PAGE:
Masks again required in St. Louis area amid COVID-19 rise


(AP) — The St. Louis area has become one of the first in the U.S. to reinstate mask requirements amid a rise in cases that health officials are blaming on low vaccination rates and the highly contagious delta variant.

Despite pushback from some elected officials, face coverings became mandatory Monday in indoor public places and on public transportation in St. Louis city and St. Louis County for everyone age 5 or older — even for those who are vaccinated. Wearing masks outdoors is strongly encouraged, especially in group settings.

“For those who are vaccinated this may feel like punishment, punishment for doing the right thing,” St. Louis County Executive Sam Page, a Democrat, said at a news conference Monday. “I’ve heard that and I feel that frustration. While the vaccination can protect against serious illness, it can’t protect you from being infected with COVID-19 and passing it onto someone else, someone who may be more vulnerable.”

The decision comes as both of Missouri’s urban areas see a big uptick in coronavirus hospitalizations that began in rural parts of the state, especially southwestern Missouri.

Elsewhere in the state, Whiteman Air Force Base reinstated its mask mandate Monday and the Harry S. Truman Library & Museum in the Kansas City area said it was closing because of the increase in COVID-19 cases. Meanwhile, Truman Medical Center/University Health announced Monday that it will require all workers to be vaccinated against the COVID-19 virus, becoming one of the first in the Kansas City-region to do so.

And the two hospitals in the Springfield area reported an increase in COVID-19 deaths over the weekend.

“This is very hard for our team,” tweeted Erik Frederick, chief administrative officer of Mercy Springfield, where 12 died. “I said the same last year. The difference now is that most of this could be prevented. That adds an extra layer of anguish.”

Missouri ranks fourth nationally in new cases per capita in the past 14 days, according to data from Johns Hopkins.

Just 47.2% of Missouri residents have received at least the first dose of the vaccine, which is far below the national rate of 56.8%, state and federal data shows.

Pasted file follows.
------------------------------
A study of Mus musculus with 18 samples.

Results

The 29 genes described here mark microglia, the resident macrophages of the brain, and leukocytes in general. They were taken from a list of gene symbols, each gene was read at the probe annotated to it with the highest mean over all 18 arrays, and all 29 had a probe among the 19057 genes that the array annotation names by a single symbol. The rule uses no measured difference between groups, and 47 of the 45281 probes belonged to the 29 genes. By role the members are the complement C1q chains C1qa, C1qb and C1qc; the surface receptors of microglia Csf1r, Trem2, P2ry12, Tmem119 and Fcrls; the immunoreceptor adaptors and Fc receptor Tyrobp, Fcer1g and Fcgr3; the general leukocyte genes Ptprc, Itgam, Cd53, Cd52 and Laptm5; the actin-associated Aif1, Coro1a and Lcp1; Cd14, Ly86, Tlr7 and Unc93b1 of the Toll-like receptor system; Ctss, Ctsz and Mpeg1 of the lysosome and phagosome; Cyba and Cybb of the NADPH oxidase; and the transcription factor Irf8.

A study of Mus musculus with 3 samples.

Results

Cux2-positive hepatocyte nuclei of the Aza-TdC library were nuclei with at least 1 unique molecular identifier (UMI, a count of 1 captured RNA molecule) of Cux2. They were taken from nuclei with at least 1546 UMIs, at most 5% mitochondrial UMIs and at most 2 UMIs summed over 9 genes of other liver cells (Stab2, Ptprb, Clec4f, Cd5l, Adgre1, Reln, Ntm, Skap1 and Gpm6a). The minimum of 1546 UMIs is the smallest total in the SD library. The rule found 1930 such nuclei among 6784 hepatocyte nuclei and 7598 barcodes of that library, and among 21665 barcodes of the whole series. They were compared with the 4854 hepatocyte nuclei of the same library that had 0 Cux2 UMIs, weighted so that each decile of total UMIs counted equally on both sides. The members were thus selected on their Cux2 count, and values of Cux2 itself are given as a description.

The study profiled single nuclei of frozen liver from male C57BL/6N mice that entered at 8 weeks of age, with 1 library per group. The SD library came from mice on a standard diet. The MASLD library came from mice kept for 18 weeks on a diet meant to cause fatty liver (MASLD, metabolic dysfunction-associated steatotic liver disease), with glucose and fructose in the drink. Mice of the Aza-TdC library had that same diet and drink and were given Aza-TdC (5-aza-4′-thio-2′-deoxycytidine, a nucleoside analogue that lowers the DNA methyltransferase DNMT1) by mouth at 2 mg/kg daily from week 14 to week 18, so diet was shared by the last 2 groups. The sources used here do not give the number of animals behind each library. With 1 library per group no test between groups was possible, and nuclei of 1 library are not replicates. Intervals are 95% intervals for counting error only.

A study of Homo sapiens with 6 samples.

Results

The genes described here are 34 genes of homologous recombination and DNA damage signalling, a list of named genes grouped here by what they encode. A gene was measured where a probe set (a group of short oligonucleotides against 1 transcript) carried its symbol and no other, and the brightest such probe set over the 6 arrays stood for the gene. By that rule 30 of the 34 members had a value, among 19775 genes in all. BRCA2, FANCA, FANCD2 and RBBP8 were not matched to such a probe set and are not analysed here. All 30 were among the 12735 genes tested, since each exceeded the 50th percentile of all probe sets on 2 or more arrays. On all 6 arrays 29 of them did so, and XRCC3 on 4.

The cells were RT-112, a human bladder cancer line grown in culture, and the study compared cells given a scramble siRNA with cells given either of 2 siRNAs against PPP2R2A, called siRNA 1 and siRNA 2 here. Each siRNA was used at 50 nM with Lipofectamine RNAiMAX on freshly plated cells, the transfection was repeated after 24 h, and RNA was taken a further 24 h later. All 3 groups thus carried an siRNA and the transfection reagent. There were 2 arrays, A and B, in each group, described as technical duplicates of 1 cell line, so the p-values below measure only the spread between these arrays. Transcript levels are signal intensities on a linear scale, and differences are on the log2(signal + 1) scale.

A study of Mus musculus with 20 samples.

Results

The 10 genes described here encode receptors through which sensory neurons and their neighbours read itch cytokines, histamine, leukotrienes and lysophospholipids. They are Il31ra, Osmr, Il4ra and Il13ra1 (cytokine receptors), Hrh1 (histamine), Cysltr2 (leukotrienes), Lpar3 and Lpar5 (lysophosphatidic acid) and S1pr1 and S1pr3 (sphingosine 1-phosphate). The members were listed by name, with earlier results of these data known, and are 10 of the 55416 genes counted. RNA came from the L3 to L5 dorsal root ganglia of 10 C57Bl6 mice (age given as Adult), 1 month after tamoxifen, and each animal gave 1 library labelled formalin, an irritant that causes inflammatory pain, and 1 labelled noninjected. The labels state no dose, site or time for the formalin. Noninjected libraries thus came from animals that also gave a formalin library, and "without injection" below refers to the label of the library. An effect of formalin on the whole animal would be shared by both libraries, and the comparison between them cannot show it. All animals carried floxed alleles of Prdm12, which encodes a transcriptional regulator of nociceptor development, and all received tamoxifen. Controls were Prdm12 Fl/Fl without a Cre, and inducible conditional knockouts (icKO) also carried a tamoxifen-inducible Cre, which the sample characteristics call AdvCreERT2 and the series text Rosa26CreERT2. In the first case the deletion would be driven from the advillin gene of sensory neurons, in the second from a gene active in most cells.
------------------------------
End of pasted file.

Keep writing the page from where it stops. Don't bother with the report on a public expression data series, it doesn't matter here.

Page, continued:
But since the mask requirement was announced last week, there has been a steady stream of objections, including from Republican Gov. Mike Parson, Missouri Attorney General Eric Schmitt and St. Louis County Councilman Tim Fitch.

“Dictating mask mandates when we have the vaccine is ignoring the real solution and eroding public trust,” Parson tweeted Monday. “These policies that don’t consider vaccination status reduce the incentive of getting the vaccine and undermine its integrity.”

Fitch urged people to get vaccinated but said Page was wrong to act without the support of the county commission.

“Let us have the conversation,” he said, noting that state law changed in June to put new restrictions on the imposition of public health restrictions.

Schmitt, who is seeking the GOP nomination for U.S. Senate, said he planned to sue Monday to block the city and county from enforcing the renewed mandate.

St. Louis Mayor Tishaura Jones said Schmitt would not be successful. She noted that he filed an unsuccessful lawsuit last year against the Chinese government over the coronavirus, alleging that nation’s officials are to blame for the pandemic.

“I wish that he would put more of his attention toward serving the people of the state of Missouri,” she said, “and holding our health and safety paramount instead of filing frivolous lawsuits that waste taxpayer dollars.”

Page, a Democrat, was critical of what he described as “creating distractions for political gain.”

“As some passionate supporters of the previous president hold on tight to bombast and misinformation, we are laser focused on protecting the health and welfare of people in our communities,” he said. “Masks provide the freedom to move about in our community as vaccinations continue and our efforts continue to get as many people vaccinated as possible in our community and across the country.”

Page, who also is an anesthesiologist, said colleagues are telling him about people begging to be vaccinated while hospitalized in intensive care, struggling to breathe and facing the prospect of being placed on a ventilator.

“Then is not the time to get a vaccine,” he said. “Don’t think this won’t happen to you.”

Dr. Clay Dunagan of the St. Louis Metropolitan Pandemic Task Force said the situation is growing dire.

“We simply have contagion rates that are unacceptably high and unless we do something to put a barrier between the infected and the uninfected, we are going to see that rate escalate,” he said.